Get it while it's hot.
Get it while it's hot.
Sainthood

Regardless of how many listens it takes to get into Sainthood (officially released today, Oct. 27), the live renditions of Tegan and Sara’s new songs are earth shattering. And hopefully their audiences will learn to rock out to them. Like … soon.

It seemed not only weird, but entirely unnatural that at Los Angeles’ Orpheum Theater, where T & S played the second of their first two shows on Oct. 26 after several months of not touring and vigorously recording Sainthood, the audience spent almost the first half of the two-hour set sitting down. It was like being in the “Back in Your Head” video – where red, white and black-clad zombies are sitting and bobbing their heads in an auditorium – except nobody at the Orpheum was wearing a mask or really, um … moving.

After the show, I went home and Googled the words “sitting down at the Orpheum, L.A.”

I figured there must – MUST – be a logical explanation for hundreds of people at a Tegan and Sara show remaining seated for the first nine songs of the set. There must have been a “stay seated” sign that I missed. Or some unspoken understanding that one never stands up at this particular venue (I mean, the seats are all reserved. But so??). Or maybe the audience actually thought they were here to see a puppet show. Or an opera. Or a knitting demonstration. Seriously, I thought Southern Californians were supposed to be active. Or are they just too cool or self-conscious or insecure to use the vertical abilities that biology bestowed upon them? WTF?

During the second or third song (T & S kicked off with “The Con” and “Walking with a Ghost”) every cell in my body was twitching with the urge to get my ass out of the seat and I gave in. All it took was a few seconds, however, until the 17-year-olds behind us said something along the lines of “sit down.”

I turned to say, “really? You’re going to sit down for Tegan and Sara? Do people always sit down at rock shows around here?” And because my honest questions and genuine confusion were met with nothing but hostile stares, I wondered if there was a totally different culture at rock concerts in L.A.

I sat back down. I suddenly felt like I was in the Middle East. I mean, it’s not like Colorado is the only place I’d ever seen shows. In all my years of going to rock concerts, no other audience I’d ever come across anywhere else in the free world (which would include just about every other major American and European city, as well as remote foreign villages and former Communist countries) had ever SAT DOWN for a band they totally adored … or even liked a little bit.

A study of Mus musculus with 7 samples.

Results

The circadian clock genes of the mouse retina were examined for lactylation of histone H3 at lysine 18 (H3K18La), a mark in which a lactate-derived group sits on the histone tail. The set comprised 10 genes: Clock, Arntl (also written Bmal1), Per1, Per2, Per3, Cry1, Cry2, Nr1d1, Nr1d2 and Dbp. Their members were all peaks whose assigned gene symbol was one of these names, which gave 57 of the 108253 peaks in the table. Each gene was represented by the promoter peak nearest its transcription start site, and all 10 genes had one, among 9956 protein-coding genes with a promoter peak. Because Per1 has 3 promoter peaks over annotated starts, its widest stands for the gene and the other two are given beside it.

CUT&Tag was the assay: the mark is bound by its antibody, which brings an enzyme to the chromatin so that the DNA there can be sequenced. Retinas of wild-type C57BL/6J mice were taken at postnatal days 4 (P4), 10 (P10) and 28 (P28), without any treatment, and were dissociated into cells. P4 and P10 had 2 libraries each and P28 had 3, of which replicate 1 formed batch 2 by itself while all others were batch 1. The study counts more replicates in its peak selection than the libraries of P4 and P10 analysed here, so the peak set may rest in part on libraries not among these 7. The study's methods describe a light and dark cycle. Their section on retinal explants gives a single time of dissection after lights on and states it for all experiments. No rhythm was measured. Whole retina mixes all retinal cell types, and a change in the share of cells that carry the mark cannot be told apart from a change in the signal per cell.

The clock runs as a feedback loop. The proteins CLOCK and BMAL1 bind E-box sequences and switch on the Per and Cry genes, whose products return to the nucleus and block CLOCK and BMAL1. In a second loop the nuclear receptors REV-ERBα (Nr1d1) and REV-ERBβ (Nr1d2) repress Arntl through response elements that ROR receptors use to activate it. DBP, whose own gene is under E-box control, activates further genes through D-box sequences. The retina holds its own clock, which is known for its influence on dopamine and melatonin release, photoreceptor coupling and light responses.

When Tegan announced that the band was about to kick into the entirety of Sainthood, I once again was compelled to leap out of my seat in anticipation. I probably did permanent bodily damage (like how you’re not supposed to hold your pee for too long) by fighting the urge. They kicked into impeccable, TOTALLY rocking renditions of “Arrow,” “Don’t Rush” and “Hell,” making the place quake with energy and magic as most of the audience stared ahead as if they were watching a documentary about trains.

So. Weird.

Thank god Sara finally commented on how she appreciated people in the back who were standing and that it would be OK (for fuck’s sake) if everyone stood up. So, the people, being conformists that they are, FINALLY got off of their asses. I shot a quick “you suck” glance to the girls behind us and proceeded to give T & S some reciprocity for their energy expenditure (though I was not the woman who rushed the stage and tried to hug them. That was definitely a highlight though, as was spotting comedian Liz Feldman in the theater bar before the show. Surely SHE was standing up the whole time).

As for the show … It was good. Insanely good.

As predicted, “Northshore” was completely incredible live as were “The Ocean,” “Someday” and the dancy (though of course nobody danced) “Alligator.” T & S, in addition to an amusing ongoing analysis of the woman who jumped on stage, wrapped up with really great versions of “Living Room” and “Call it Off.”

And now they’re off to New York, then Europe, then Canada before heading back for a more extensive tour of the U.S. in the spring. So I hope – I seriously pray – that you so-called fans who were sitting down for half the show in L.A. are ready to pay proper respect when they come back. I know Denver will.

They hit us up (at the Odgen Theater) on April 4. Get ready.